Building an Income outside of Teaching

I love teaching English as a foreign language. I really do. However, being a freelancer, I face the risk of cancelled courses if not enough students enroll, which has happened with three out of six evening courses this past trimester (with the other three running below the minimum number of students out of goodwill). The four evening courses starting in mid-January are still way below the number of students needed as well. In short, it doesn’t exactly look rosy for freelance EFL teachers here in Berlin at the moment.

What that means for me (and my colleagues) is this: We block time slots for planned courses (and we only have a limited amount of time we can block, plus if we block too much time and–miracle!–all courses run, we may very well burn out because it’s too much) and then are left with more free time and less money if courses are cancelled, usually without the chance to fill the time slots at such short notice (since a lot of courses are cancelled after the first class, or only a day or two before they should have started).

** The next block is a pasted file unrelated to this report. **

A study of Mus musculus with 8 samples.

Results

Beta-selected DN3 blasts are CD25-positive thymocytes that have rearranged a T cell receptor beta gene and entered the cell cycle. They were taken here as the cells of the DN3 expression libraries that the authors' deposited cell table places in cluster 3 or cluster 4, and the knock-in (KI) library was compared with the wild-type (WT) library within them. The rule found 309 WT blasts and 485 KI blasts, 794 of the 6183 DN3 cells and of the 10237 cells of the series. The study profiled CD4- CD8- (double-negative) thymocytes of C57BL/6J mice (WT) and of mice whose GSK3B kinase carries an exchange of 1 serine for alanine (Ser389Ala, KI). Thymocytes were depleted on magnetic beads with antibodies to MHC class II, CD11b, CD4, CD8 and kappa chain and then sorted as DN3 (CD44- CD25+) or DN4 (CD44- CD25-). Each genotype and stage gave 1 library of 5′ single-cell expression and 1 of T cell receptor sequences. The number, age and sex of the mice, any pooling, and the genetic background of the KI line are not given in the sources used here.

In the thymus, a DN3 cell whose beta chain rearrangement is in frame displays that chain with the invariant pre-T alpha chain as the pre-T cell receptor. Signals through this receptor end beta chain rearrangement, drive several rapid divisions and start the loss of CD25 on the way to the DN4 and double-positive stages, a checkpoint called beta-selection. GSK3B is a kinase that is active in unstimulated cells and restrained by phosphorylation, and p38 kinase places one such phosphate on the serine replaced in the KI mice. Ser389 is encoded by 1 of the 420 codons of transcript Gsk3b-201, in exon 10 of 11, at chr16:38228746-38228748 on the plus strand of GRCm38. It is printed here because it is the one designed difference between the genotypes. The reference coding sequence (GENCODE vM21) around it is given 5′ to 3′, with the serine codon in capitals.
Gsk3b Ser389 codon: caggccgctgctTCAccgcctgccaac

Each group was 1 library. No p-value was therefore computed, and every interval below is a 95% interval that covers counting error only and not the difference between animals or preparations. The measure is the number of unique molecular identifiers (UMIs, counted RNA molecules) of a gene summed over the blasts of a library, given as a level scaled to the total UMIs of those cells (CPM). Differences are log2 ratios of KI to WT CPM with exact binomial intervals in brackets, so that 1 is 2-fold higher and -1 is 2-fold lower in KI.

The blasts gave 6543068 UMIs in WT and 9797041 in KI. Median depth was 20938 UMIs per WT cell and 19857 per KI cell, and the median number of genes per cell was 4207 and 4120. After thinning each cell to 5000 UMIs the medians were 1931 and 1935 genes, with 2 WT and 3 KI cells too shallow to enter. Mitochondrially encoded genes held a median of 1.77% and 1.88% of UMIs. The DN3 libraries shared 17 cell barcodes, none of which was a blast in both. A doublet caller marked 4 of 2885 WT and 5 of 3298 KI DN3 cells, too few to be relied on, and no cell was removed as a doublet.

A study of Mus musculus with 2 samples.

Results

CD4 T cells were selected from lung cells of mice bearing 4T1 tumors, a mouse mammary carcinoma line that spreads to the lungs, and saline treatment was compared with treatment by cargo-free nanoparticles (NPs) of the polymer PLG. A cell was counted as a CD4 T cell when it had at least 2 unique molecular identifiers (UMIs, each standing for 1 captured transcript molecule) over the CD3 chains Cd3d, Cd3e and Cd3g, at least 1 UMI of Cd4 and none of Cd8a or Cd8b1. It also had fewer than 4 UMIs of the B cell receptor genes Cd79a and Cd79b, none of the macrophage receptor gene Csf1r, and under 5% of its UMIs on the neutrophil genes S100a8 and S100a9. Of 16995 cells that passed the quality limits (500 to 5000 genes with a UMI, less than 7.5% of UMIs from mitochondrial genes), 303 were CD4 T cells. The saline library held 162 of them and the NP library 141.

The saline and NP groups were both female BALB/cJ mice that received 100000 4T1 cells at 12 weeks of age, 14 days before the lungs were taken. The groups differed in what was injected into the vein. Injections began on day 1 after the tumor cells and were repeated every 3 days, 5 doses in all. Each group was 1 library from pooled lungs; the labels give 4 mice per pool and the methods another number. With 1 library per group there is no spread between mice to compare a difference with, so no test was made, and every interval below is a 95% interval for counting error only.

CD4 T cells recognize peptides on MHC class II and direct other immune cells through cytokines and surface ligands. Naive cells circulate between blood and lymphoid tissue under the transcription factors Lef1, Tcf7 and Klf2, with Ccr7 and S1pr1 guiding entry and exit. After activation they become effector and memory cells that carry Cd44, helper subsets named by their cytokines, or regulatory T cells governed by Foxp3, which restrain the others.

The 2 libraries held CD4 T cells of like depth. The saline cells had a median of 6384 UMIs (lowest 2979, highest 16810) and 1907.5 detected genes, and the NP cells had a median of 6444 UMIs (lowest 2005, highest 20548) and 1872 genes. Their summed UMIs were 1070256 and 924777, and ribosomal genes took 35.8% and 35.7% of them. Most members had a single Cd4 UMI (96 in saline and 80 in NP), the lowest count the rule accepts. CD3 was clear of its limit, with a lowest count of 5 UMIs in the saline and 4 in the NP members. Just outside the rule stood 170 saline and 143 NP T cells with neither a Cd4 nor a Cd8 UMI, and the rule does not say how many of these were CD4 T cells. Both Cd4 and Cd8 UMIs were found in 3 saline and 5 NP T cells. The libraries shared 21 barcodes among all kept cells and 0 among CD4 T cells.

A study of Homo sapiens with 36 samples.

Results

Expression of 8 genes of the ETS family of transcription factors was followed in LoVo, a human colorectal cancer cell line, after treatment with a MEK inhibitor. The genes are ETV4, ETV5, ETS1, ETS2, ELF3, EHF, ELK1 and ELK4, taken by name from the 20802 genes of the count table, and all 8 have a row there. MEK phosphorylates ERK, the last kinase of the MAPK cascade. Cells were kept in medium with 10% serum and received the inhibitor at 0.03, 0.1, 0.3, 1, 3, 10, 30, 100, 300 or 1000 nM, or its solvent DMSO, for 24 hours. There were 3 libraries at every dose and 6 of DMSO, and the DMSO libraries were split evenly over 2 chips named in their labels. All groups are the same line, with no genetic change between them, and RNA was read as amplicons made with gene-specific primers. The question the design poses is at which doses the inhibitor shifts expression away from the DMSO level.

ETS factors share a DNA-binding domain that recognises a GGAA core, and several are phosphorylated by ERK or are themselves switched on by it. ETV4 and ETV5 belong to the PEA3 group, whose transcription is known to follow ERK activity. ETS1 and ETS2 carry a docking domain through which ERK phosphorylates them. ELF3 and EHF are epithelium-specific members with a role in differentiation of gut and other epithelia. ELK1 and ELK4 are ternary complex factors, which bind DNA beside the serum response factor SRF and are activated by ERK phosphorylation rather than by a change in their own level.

We only get paid for the hours we actually teach (which is okay with me), not for all the additional time it takes us to prepare classes, correct written assignments (and in the case of some courses, grade them), go to teacher training workshops, do all the administrative stuff. In order to determine actual work hours for possible additional payment (part of health and pension insurance premiums), the Land Berlin calculates with double the time we actually teach. To put this into perspective: According to them, a full-time job with an average of 40 hours per week would be about 27 class hours of teaching (à 45 minutes each). Currently, my plan for the upcoming trimester has between 20 and 27 class hours, and one week of 35 hours (a week-long intensive class). That’s besides going to university for currently 12 class hours each week (plus preparation and homework) for part of the upcoming trimester.

So you see, I can’t possibly plan even more time slots for teaching, so if most or all of my evening classes are cancelled, it leaves me with only a fraction of the income I’m planning with. I either need more students, or a second (passive) income to counterbalance the risk.

And that’s why I started to upload designs to Redbubble for T-shirts, coffee mugs, notebooks and stuff. I will add to them as inspiration strikes me, so maybe check back every now and then.

I also have my children’s books about Miro the Dragon up on Amazon (print and ebook). The first book is available in German, English, or Mandarin Chinese, and the second book is available in German.

Anyway, it would mean the world to me if you took the time to check out my stuff. Thanks for your support!